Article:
Does School Start Too Early?

Does School Start Too Early?

Group calls town hall meeting to discuss school start times and sleep health.

Being tired is just a normal part of the school day to Herndon High School junior Douglas DeCarme, 16, who said that he is typically too busy with work to think about being tired.

"A lot of people in class sleep during the day … during classes," DeCarme said. "They don’t even mean to do it sometimes, but you can’t sleep four or five hours a night and come to class and be totally awake."

With the hopes of promoting better sleep habits and building a unified consensus on start times for Fairfax County Public Schools, a local organization of advocates for student sleep will hold a "town hall" meeting for students and parents this Sunday, Oct. 29.

The meeting, which will take place from 4 to 6 p.m., will be held by local group Start Later for Excellence in Education Proposal (SLEEP). While holding the event to increase calls for later start times for public school students in Fairfax County, the meeting is also being used to increase awareness about the importance of teens and regular, healthy sleep schedules said Phyllis Paine, co-founder of SLEEP.

"The bottom line is that you need your sleep," said Dr. Helene Emsellem, director of the Center for Sleep and Wake Disorders in Chevy Chase, Md., author of "Snooze or Lose: 10 ‘No-War’ Ways To Improve Teen Sleep Habits," and a speaker at the event. "Sleep is something that is incredibly important to your health, especially for teenagers … who are growing and going through puberty."

A healthy sleep schedule for a teenager should include about nine hours of sleep nightly, said Emsellem, who added that high school students are currently registering about seven hours of sleep. While students typically lead busy lives, it hasn’t been until recently that the problem of consistent lack of sleep has made itself grossly apparent, she added.

"Teenagers these days are faced with two different worlds, one that is a 24/7 world that is filled with so many distractions to keep children up later," Emsellem said, "while the other is increasingly active in academics and extracurricular activities, where students have to wake up very early."

THE RESULT of this lifestyle, Emsellem said, can be disastrous for student health and success.

The lack of sleep builds up over the days of the week, causing students to become progressively more exhausted, she added. Prolonged sleep depravation might result in an increased risk for obesity, mood disorder, difficultly with focus and learning, accidental injury and general health, Emsellem said.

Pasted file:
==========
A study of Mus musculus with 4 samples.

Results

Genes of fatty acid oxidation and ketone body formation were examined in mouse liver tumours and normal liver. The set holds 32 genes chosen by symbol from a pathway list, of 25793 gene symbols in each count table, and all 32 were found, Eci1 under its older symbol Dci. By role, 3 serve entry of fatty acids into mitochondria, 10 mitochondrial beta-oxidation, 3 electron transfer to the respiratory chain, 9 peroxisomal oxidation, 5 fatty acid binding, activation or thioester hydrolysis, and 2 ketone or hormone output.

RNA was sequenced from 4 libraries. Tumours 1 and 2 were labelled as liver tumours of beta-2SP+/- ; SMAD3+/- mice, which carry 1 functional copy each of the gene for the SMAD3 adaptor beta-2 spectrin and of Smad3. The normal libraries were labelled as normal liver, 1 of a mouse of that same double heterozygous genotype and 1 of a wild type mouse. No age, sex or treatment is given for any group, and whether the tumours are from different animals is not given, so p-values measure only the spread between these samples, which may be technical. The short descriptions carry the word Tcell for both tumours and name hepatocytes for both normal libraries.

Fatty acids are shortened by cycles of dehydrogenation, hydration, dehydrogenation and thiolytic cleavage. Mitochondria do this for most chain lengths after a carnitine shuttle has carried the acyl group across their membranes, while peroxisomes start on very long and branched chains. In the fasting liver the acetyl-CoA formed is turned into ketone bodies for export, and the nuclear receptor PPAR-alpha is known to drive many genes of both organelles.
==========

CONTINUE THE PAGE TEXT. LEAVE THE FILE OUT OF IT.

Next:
"We know that if our kids were getting enough sleep every night that there would be fewer absences, fewer tardies, lower drop-out rates, better behavior, less depression, the list goes on," said Phyllis Payne, co-founder of SLEEP. "If you ask any first period teacher, they’ll tell you that the kids come in in the morning and they are just absolutely awash."

For 16-year-old Herndon High School junior Rachel Belyavsky, there’s only one answer towards the issue of sleep — she needs more.

"I’m usually so busy that I don’t fall asleep until after I get home, but you just get more and more tired as the week goes on," she said. "Some people will try and make it up on the weekends, but it’s just not safe for your health."

SPEAKING TO THE CROWD about the negative consequences of student sleep deprivation is just the first step in coming upon a solution, said Payne. The ultimate goal of the meeting is to build a consensus among students and their parents to persuade th school system to push back start times past 8 a.m., she added.

Mason district school board member Kaye Kory, who will moderate the town meeting, said that pushing back the school start time from around 7 a.m. for most FCPS high schools to a time after 8 a.m. is the best way to increase the amount of sleep that students get each night.

She said that having students waiting for buses around 6 a.m. is too early for anyone who looks to get a decent night’s sleep.

"It doesn’t help anybody to ignore the situation [of exhausted students] because it will only get worse," Kory said. "I think many of our students are affected academically by these early start times … and we need to find out what we can do to fix this."

The problem is finding enough resources, such as buses and bus drivers, to efficiently get the students from a county that is large in total area to their respective schools, she said. Fairfax County Public Schools has already hired an independent consulting firm to determine what could be done in terms of student transportation, Kory added.

Finding a later start time for students will give them more time for sleep and a better mindset for academic and extracurricular activity, Payne said.

"When you give them a more reasonable start time, you give them more opportunities," Payne said. "Students will be more awake, engaged in classes … they’ll be more alert for after-school activities."

"The benefits are so far-reaching and we’re just hoping that enough people will agree with us."